Substrates need to be clean, stable, plumb & true, and also free of dirt, stains and solvents. Cement or cement board are preferred. New cement will be 90% stable within ten days of pouring, but further shrinkage and crystallization will continue, New cement substrates can be tiled over after ten days, if the substrate is first covered with a crack suppression membrane.

Prepare Substrate Surface:

Make sure the surface is smooth, flat, dry, perfectly clean, and without cracks before you apply the tile adhesive.

Cut Tile if Necessary:

For cutting small pieces of tile, use a mosaic glass cutter whose blades are shaped like small wheels. An alternative method involves scoring the tile lightly on its front surface, placing a thin wire underneath the score, then breaking the pieces apart using gentle thumb pressure on either side of the scoreline. If extensive cutting is required, a wet saw would be the preferred tool.

Apply Thin-set to Substrate:

We recommend using a white, acrylic modified thin-set mortar to hold the tiles in place. Some are available now in convenient pre-mix form. Avoid mastic adhesives which tend to yellow with age. If this is your first time and you’re unsure of yourself, experiment first on a small, non-critical or disposable surface.

Apply the thin-set using the notched side of a 3/16” V-notch trowel held at a consistent 45° angle to the surface. If the glass tile is transparent or the mesh backing is visible through the top surface, smooth the ridges with the trowel’s long flat edge, being careful not to remove any of the thin-set. (If you do so accidentally, simply repeat the first step.) You want the adhesive to be thick enough to provide a strong grip and even throughout: if too thick (i.e., more than 1/8”), uneven spots and shrinkage may result.

Installing the Tile:

Check to ensure that the mesh side of the tile sheet is clean and free of debris before installing the tile. Position the sheet as desired and press it firmly against the adhesive with the mesh side facing the contact surface. Using a hammer or mallet, lightly tap on a wooden block held against the tile sheet to make a tight, even bond with the thin-set. Remove any excess adhesive from the edges and follow the manufacturer’s recommendations for curing time (usually 24 hours) before grouting and clean-up.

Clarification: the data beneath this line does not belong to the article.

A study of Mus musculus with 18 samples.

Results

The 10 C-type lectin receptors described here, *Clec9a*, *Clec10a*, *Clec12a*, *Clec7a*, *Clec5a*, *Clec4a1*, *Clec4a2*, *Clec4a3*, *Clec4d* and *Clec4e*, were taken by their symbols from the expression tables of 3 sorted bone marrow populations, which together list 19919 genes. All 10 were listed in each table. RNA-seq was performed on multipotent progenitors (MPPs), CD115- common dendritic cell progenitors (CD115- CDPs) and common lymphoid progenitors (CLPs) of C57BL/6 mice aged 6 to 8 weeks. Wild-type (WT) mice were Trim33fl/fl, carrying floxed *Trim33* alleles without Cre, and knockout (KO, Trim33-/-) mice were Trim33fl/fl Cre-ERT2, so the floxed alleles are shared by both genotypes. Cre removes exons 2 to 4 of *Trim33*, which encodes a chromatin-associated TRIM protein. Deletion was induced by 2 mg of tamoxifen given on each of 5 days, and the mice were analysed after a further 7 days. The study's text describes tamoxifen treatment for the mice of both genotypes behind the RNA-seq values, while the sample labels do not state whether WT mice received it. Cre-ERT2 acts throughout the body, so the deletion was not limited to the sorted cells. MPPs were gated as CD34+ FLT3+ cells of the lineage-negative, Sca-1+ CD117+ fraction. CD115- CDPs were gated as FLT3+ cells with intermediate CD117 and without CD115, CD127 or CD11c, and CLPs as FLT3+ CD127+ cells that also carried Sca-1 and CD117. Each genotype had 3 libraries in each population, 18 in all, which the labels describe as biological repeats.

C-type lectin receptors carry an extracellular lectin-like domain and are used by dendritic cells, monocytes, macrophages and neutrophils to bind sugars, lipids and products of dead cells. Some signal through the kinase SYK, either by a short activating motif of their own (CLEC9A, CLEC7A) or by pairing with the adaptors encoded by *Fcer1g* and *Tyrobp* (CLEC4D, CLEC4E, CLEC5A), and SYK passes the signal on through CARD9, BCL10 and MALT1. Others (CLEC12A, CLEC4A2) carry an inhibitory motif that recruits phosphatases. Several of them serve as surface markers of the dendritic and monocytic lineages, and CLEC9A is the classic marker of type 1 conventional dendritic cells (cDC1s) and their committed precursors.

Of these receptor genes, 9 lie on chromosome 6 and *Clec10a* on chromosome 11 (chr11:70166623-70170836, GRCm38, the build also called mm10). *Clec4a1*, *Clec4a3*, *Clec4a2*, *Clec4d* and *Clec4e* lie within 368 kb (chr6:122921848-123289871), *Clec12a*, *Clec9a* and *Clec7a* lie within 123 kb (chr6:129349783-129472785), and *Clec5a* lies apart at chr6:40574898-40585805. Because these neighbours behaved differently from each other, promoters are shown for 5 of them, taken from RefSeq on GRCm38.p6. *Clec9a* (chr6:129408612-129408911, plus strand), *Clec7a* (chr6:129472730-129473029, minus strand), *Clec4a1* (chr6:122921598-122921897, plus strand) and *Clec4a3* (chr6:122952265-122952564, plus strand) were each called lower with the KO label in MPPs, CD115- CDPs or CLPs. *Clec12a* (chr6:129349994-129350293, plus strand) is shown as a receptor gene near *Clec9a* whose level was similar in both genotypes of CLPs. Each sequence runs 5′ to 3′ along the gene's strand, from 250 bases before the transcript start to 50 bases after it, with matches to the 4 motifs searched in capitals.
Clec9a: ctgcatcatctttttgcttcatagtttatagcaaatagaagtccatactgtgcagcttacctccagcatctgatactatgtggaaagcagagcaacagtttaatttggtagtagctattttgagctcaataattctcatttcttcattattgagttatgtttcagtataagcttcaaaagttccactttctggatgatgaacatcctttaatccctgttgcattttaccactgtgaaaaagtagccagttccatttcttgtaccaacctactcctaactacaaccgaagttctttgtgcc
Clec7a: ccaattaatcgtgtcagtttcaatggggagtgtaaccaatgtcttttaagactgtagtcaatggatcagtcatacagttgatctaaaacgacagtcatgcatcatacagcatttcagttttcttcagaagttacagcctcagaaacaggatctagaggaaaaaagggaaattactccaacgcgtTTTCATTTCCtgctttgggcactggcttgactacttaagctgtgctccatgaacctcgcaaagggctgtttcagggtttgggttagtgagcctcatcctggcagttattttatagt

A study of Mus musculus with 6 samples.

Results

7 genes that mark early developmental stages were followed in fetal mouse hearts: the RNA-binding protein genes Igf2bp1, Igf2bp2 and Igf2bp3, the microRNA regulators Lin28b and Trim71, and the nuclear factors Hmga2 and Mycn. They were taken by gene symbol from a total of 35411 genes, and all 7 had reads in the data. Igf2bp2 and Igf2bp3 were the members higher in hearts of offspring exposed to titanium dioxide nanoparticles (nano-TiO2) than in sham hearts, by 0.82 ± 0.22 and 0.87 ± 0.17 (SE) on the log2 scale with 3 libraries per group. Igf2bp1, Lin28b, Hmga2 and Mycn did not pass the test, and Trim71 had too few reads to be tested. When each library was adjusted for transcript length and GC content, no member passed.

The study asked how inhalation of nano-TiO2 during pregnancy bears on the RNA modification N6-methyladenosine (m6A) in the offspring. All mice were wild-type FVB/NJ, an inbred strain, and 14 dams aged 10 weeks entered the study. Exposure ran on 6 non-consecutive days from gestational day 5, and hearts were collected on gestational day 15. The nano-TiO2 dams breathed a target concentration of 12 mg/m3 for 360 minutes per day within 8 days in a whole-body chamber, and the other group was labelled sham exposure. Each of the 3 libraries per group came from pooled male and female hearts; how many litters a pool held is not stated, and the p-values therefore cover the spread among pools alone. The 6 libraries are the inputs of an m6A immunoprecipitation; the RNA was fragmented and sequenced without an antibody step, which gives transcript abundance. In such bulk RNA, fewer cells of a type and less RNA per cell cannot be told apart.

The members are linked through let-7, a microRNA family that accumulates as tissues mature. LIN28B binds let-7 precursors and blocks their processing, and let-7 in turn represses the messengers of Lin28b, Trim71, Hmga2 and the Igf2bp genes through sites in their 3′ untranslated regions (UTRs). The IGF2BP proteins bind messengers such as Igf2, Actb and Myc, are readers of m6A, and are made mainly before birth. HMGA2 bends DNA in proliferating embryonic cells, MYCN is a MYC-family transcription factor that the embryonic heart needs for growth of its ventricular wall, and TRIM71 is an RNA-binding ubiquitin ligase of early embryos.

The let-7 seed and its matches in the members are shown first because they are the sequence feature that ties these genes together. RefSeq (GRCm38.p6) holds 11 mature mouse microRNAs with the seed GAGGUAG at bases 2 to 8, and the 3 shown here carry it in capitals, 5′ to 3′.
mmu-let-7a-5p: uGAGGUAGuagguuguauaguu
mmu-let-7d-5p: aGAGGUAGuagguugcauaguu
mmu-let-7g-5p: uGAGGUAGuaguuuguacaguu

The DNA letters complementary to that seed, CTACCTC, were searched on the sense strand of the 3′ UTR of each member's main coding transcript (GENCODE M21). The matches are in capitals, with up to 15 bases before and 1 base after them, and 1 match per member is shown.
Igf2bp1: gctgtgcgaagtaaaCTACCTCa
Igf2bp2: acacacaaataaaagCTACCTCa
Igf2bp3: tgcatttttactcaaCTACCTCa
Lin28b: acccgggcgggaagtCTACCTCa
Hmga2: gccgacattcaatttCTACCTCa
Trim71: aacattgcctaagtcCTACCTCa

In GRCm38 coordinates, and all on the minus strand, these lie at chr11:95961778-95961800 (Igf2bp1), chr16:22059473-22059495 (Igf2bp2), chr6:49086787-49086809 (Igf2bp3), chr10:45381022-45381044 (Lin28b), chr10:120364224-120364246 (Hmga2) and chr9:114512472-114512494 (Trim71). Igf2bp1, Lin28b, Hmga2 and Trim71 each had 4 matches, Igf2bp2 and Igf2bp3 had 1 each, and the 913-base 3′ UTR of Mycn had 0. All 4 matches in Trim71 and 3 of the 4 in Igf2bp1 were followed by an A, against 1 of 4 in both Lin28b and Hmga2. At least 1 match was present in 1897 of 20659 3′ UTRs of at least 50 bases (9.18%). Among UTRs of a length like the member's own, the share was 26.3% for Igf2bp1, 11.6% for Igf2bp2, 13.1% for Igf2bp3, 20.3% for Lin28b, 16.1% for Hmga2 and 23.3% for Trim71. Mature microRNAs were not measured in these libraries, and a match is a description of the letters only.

Seal Joints with Grout:

Un-sanded grout with a latex additive for increased performance and longevity works best with our glass mosaic tiles. Also, consider adding anti-microbial and mildew inhibitors such as Microban for protection against mold and mildew. For most tiles, white grout is an excellent choice but you may want to experiment with other colors for added effect.

The grout is applied using a tool called a rubber grout float. (Don’t forget to remove the transparent plastic sheet that covers the tile before applying the grout.)

Here too, follow the manufacturer’s recommendations for applying the appropriate amount of fill between joints. Wait 10-15 minutes before sponging off the excess grout. Use a light touch to avoid digging out the grout between joints and rinse the sponge frequently to minimize smearing.

Don’t be concerned about the faint haze that forms as the grout cures. After a day or two, it can be easily removed by wiping the tiles with cheesecloth or other soft fabric. It’s also a good idea to mist the grout with a water spray for 72 hours after its application. This aids the curing process and increases the grout’s strength and resistance to stains.

Regular Maintenance:

To maintain the look of your tile, use neutral detergents for daily cleaning, and a slightly acidic detergent for special cleaning.